Highland Central School District (HCSD) students entering Grades 6 through 12 were able to participate in a week-long Robotics and Coding Experience (RaCE) camp at Highland High School this summer. Highland science, technology, engineering, and math (STEM) teachers Sean Banks and Adam Iannazzone led the camp, which was offered in two sessions.
Each session included 14-18 students with interests in robotics, coding, and gaming. The students worked with a Vex IQ robot kit that came with a battery, controls, and software to download for programming. Once built, the students used a remote control to operate their robots. They later took their skills up a notch and wrote code to program the robots.
Once the robots were operational, Banks and Iannazzone tasked students with challenges and games to demonstrate their creations’ capacity. The floor was set up with a large arena, and the students maneuvered their robots through Capture the Flag and modified soccer challenges. They later coded their robots to drive around a square, maneuver through a maze, and more.
While removing the robotic claw from his robot, and digging into writing the code to program it, Grade 6 student Landon Palmisano said he’s an experienced robot builder, and has spent upwards of seven to eight hours in one sitting creating Lego robots. Osei Adoma, who is entering Grade 12, felt the programming component was more challenging than building the robot itself. Adoma is planning to enter the Computer Science field, though uncertain what he wants to do in it yet.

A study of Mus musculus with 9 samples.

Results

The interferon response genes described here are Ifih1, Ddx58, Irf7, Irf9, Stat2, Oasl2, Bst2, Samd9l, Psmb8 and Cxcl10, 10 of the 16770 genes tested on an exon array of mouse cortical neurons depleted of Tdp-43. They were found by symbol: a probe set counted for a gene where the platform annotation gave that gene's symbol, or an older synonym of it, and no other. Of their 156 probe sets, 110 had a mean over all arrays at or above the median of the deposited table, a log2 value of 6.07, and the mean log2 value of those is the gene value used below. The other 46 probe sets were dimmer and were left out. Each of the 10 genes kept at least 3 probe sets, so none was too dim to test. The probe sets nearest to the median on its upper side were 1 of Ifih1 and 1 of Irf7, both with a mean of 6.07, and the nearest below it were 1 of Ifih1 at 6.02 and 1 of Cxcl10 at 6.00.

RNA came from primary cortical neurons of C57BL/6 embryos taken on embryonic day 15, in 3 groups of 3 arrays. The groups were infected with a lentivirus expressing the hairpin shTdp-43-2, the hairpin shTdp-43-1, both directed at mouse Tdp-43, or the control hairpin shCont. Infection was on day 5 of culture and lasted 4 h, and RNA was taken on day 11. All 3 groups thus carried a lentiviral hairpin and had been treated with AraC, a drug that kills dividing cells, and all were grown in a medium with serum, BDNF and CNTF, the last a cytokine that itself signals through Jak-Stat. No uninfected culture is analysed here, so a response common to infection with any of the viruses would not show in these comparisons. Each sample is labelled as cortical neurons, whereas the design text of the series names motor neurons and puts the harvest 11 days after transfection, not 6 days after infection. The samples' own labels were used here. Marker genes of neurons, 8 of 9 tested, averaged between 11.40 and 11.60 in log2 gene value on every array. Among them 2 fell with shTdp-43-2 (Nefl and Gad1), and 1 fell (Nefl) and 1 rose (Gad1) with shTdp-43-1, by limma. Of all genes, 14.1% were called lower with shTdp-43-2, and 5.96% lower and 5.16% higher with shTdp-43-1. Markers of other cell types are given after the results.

“I had trouble literally thinking ‘inside’ the box,” said Samantha D’Aragona, who is entering Grade 11. D’Aragona was working on getting her robot to travel around a square tile on the floor. “I am trying to program my robot to turn in a different way now. I am not really an in-the-box thinker.” D’Aragona is preparing to enter the Ulster BOCES Career & Technical Center to study Digital Design. She has been taking iD Tech design and digital courses online at home to learn game programming, which she hopes to hang onto as a hobby while she studies and works with robots professionally one day. Samantha finally nailed it, and got her robot to go in the square.
Iannazzone said the students did well with creative problem-solving and figuring out how to put their ideas into action, and overcame challenges presented with the typical difficulties, such as how to attach the motor, gears, or heavier accessory parts.
Banks explained that programming involves way more than playing on a cell phone. “There are so many practical applications; surgeons do surgeries with robotic arms, fast food chains are using self-order kiosks, which have to be programmed,” he said. “Automation is happening and all of it requires programming. The ability to write code is invaluable.”